Economy

PS says ministry in the dark on cash raised for Covid-19 fight



  • Principal Secretary Susan Mochache told Parliament that the Ministry had no role in the money that went to the Fund.
  • The Auditor-General Nancy Gathungu, in a special audit, revealed that the Kenya Covid-19 Emergency Response Fund Board received Sh1.3 billion as at December 2020.
  • The Fund was established in March 2020 to facilitate voluntary contributions to help fight the pandemic.

The Ministry of Health says it is not aware of the total amount of money that the Kenya Covid-19 Emergency Response Fund Board raised to fight coronavirus.

Principal Secretary Susan Mochache told Parliament that the Ministry had no role in the money that went to the Fund.

“We do not know the amount of money that was raised by the private sector and which went to the Fund,” Ms Mochache told the National Assembly’s Public Accounts Committee (PAC).

Ms Mochache said the ministry only received Sh17.6 billion out of which Sh14.5 billion was from the Treasury and Sh3 billion from the World Bank to fight the pandemic in 2020.

The Auditor-General Nancy Gathungu, in a special audit, revealed that the Kenya Covid-19 Emergency Response Fund Board received Sh1.3 billion as at December 2020.

The Fund was established in March 2020 to facilitate voluntary contributions to help fight the pandemic.

Treasury PS Julius Muia on Wednesday told a parliamentary committee that the emergency cash collected by the task force is not reflected in the Treasury’s books of accounts. This was after the fund was transformed into a private limited company.

Kenya Breweries Ltd managing director Jane Karuku was the chairperson of the 12-member board drawn from both the government and private sector.

Others were Michael Joseph (Safaricom), James Mwangi (Equity Bank), Narenda Raval (founder, Devki Group of Companies), Joshua Oigara (KCB Bank), Jeremy Awori (ABSA bank) and Wachira Waruru (Royal Media Services).

Mohammed Hersi (Pollmans Tours and Safaris), Phyllis Wakiaga (Kenya Association of Manufacturers) and Kennedy Kihara (Principal Administrative Secretary at the Office of the President) also sat on the board.

Interior Cabinet Secretary Fred Matiang’i and Kakamega Governor Wycliffe Oparanya were designated as joint representatives of the government to the Fund.

Ms Mochache was on Thursday hard-pressed to explain why the ministry had no representation on the board that was gazetted by the Treasury Cabinet Secretary Ukur Yatani and which spent public funds.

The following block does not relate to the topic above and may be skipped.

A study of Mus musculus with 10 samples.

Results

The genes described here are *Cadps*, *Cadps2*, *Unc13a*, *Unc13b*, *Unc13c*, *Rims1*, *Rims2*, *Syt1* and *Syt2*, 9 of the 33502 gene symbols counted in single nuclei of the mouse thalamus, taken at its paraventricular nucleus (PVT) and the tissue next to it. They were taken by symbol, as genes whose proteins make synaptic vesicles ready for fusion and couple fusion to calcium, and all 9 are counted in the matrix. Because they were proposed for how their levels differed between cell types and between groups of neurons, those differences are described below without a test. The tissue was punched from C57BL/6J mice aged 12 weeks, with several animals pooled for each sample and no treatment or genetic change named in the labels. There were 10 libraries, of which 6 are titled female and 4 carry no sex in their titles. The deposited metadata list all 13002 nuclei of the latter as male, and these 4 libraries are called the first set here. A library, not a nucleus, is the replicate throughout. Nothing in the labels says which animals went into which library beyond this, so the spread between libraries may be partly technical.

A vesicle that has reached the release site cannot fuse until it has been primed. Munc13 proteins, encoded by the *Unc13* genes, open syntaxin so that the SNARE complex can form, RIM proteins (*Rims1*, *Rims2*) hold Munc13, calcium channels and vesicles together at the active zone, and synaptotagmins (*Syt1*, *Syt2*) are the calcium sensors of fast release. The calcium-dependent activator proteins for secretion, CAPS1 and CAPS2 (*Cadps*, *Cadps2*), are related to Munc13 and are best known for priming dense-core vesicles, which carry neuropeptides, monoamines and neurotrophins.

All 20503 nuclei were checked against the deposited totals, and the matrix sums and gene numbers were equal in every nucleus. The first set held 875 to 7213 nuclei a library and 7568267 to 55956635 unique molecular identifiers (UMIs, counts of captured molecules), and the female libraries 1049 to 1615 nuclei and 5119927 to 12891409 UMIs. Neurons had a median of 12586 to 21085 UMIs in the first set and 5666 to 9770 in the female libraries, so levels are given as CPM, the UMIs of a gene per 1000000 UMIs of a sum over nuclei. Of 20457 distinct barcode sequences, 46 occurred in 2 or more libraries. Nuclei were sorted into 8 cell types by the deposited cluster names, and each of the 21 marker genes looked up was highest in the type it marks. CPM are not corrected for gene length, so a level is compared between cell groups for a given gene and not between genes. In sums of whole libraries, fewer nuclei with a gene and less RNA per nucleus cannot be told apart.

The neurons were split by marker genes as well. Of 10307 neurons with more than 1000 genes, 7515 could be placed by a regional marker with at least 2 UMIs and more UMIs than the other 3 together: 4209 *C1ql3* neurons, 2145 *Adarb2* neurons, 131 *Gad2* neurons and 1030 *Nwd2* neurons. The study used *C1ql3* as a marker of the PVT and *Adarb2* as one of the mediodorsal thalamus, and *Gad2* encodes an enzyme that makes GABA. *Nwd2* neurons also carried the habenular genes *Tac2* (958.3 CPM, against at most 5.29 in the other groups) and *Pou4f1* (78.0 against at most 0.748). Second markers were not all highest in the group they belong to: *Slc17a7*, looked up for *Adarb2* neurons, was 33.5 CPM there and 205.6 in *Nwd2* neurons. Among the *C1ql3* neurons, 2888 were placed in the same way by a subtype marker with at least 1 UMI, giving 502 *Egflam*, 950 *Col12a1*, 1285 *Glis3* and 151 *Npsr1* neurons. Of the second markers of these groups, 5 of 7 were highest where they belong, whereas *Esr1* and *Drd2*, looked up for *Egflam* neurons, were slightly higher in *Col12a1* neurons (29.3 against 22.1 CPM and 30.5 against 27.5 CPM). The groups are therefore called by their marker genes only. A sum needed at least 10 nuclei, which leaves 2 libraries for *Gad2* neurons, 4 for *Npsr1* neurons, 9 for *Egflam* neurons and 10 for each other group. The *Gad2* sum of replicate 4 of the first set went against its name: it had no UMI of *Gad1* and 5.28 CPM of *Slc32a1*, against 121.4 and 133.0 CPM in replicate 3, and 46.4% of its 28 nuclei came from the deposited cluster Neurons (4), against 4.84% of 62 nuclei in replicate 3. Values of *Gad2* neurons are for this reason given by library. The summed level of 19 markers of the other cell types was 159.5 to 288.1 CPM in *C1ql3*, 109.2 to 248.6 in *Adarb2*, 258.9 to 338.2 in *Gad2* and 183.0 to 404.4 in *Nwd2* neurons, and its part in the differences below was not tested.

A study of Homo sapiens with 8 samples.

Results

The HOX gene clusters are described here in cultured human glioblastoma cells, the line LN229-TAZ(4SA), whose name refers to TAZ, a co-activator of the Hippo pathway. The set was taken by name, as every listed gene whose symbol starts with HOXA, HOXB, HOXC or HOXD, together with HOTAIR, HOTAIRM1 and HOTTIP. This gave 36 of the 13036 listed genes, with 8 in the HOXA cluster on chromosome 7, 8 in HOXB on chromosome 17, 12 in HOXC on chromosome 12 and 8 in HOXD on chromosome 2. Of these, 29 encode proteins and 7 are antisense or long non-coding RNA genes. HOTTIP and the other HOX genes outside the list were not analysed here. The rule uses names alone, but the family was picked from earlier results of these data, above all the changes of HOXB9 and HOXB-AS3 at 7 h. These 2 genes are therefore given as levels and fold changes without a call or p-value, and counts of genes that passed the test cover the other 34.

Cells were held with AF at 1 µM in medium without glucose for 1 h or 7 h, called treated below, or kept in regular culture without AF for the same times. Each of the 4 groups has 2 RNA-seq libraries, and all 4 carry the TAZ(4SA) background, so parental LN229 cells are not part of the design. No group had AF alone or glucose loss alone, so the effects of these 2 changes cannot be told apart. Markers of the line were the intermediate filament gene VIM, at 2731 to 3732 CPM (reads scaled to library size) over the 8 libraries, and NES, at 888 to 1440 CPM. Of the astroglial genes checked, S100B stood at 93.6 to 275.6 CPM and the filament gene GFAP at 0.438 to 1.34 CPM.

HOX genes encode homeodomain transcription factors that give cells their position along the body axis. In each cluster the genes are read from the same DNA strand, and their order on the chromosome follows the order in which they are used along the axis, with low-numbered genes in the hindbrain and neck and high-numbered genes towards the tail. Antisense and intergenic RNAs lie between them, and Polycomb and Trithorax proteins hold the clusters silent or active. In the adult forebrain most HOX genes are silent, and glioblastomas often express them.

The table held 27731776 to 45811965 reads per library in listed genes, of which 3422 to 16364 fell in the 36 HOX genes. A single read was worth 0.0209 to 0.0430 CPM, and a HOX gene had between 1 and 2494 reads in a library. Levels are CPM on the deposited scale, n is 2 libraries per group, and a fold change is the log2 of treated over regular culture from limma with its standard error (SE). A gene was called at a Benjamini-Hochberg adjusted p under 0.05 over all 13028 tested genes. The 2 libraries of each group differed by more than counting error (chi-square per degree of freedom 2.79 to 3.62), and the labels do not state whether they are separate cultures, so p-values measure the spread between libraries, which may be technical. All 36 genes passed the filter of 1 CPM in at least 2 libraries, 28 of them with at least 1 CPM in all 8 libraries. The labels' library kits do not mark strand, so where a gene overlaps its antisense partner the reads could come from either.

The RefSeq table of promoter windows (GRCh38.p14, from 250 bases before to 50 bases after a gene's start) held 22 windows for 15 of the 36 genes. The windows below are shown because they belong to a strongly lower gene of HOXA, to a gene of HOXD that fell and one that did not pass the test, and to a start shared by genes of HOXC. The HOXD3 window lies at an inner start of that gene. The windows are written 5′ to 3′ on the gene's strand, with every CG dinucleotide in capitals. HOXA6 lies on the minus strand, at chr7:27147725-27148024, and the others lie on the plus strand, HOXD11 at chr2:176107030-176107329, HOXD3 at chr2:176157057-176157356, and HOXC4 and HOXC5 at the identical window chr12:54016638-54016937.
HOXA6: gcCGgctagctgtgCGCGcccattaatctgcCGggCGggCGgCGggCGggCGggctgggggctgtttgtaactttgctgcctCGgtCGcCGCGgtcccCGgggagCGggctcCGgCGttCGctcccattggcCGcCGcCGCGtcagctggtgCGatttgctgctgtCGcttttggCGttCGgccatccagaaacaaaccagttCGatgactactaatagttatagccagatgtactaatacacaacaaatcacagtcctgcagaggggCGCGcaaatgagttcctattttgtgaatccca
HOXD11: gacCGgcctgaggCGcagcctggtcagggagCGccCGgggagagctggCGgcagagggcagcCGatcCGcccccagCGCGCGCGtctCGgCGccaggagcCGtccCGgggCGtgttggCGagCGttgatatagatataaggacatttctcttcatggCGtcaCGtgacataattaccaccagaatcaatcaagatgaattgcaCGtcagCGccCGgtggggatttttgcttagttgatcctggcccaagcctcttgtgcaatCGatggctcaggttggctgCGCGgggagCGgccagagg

PAC questioned how the Kenya Covid-19 Emergency Response Fund Board was allowed to operate without the oversight of the Ministry of Health.

“You were at the centre of fighting Covid-19 and nobody could do it without consulting you. Why did the Ministry fail to have representation on the Fund? Where was this Fund reporting to?” Opiyo Wandayi asked.

Garissa Township MP Aden Duale said the Kenya Covid-19 Emergency Response Fund Board raised billions of shillings during the pandemic and wondered why the Ministry of Health was not involved in monitoring the spending.

Ms Mochache said the Kenya Covid-19 Emergency Response Fund Board was a private sector-led team that raised funds that were used to support county governments and various public hospitals.

“The money was from the private sector. The Ministry of Health had no role in the money. We hear they dealt directly with counties and they donated things like personal protective gear and gloves,” Ms Mochache said.

Appearing before the committee that is scrutinising a special audit on the utilisation of Covid-19 funds, Ms Mochache distanced the Ministry from the Fund operations.

“Not a shilling from the Fund came to us even if they received public funds,” Ms Mochache said.

Mr Wandayi drew the attention of the PS to a 2020 gazette notice appointing persons to sit in the Fund board.

“According to the gazette notice establishing the Fund, they were to mobilise financial reserves for procurement of essential supplies for public institutions, emergency response and help to health professionals,” Mr Duale said.